As far as we know, there have been only two or three attempts on Gasherbrum VI (7,004m), all via the south face, directly above Gasherbrum base camp. The latest was by Jean-Noël Urban and two friends in 1998. They retreated from very high on the mountain after one of them was caught in a small avalanche.
Paulo Roxo and I tried Gasherbrum VI on July 12. Our idea was to climb the northeast face and east ridge in alpine style, and we chose the route that looked least prone to avalanches or cornice falls. We started to climb at 2 a.m. with reasonable snow and ice. The route began with slopes of about 55º-60°, and gradually became steeper. We stayed close to the rock to avoid possible avalanches and to try to find good protection. As a consequence, we found some mixed-climbing steps on precarious rock. We mostly simul-climbed, but sometimes belayed from pitons, ice screws, or snow stakes. Cams would have been mostly useless in the rotten rock.
We stopped about 60m below the east ridge. At that point we were climbing 70° ice, and above us a narrow ice couloir led to vertical rotten rock. The only way to pass this was to climb vertical snow on either side. This loose powder must have blown over the ridge and plastered the face; protection was virtually impossible. We also could see that the east ridge had many large and overhanging cornices. Maybe it could be done by someone keen to accept these risks, but not by us.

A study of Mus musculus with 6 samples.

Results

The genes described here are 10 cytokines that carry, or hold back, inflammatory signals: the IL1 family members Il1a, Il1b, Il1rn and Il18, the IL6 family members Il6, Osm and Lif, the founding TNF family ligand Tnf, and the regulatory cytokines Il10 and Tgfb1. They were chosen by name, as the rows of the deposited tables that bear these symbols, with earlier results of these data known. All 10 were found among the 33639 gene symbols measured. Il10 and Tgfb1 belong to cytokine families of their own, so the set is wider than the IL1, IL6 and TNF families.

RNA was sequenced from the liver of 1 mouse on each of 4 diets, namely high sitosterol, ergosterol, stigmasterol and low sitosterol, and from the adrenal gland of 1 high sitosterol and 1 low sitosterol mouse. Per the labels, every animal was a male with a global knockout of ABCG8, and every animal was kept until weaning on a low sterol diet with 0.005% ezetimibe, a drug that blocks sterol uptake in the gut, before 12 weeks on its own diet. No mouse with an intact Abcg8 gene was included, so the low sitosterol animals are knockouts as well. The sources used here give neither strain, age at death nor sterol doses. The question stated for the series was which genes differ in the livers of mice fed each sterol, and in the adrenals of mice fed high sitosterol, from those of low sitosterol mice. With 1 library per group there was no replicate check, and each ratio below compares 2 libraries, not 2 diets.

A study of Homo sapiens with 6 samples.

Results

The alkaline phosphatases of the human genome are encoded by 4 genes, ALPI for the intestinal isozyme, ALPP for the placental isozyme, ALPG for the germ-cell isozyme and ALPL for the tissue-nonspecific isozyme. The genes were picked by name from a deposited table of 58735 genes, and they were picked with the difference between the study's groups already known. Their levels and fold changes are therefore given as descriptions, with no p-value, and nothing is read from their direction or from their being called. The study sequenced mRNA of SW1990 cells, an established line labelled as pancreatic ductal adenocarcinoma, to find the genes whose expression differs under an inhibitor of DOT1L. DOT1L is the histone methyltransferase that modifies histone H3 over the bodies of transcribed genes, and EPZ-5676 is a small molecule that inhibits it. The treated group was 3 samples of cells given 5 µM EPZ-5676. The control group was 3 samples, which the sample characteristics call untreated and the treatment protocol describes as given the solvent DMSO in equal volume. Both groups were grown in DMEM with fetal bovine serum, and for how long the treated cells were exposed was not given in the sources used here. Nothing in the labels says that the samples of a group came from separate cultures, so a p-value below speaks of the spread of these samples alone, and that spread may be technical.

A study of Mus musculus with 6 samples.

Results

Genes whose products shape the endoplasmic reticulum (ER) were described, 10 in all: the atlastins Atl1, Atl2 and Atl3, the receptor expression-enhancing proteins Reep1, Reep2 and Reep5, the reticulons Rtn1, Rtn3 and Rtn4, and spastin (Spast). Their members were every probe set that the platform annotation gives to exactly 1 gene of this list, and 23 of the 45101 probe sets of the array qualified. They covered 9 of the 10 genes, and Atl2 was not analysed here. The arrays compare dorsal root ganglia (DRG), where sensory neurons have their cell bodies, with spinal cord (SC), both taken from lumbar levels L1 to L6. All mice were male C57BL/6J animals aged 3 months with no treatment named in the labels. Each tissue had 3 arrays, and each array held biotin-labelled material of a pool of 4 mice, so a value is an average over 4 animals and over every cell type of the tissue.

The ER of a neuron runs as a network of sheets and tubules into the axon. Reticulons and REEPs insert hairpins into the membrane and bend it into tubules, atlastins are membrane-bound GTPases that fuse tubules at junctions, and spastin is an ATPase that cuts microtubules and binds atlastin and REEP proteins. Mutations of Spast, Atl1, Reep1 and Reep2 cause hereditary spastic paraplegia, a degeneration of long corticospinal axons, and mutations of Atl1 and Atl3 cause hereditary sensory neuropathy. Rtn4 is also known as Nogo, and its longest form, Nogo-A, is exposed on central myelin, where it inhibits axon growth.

We started the descent around 12:30 p.m. The sun had hit the face and quickly transformed the snow and ice into a gelatinous mixture. It was hard to find good anchors. We got to the bottom by rappelling from double Abalakovs and a few single-piton anchors, plus downclimbing. We reached our tent on the glacier around 9 p.m.
This route is exposed to rockfall as soon as the sun shines on the face, and it is avalanche-prone in poor conditions (but less so than any other potential route we saw on Gasherbrum VI). It is advisable to climb as much as possible at night.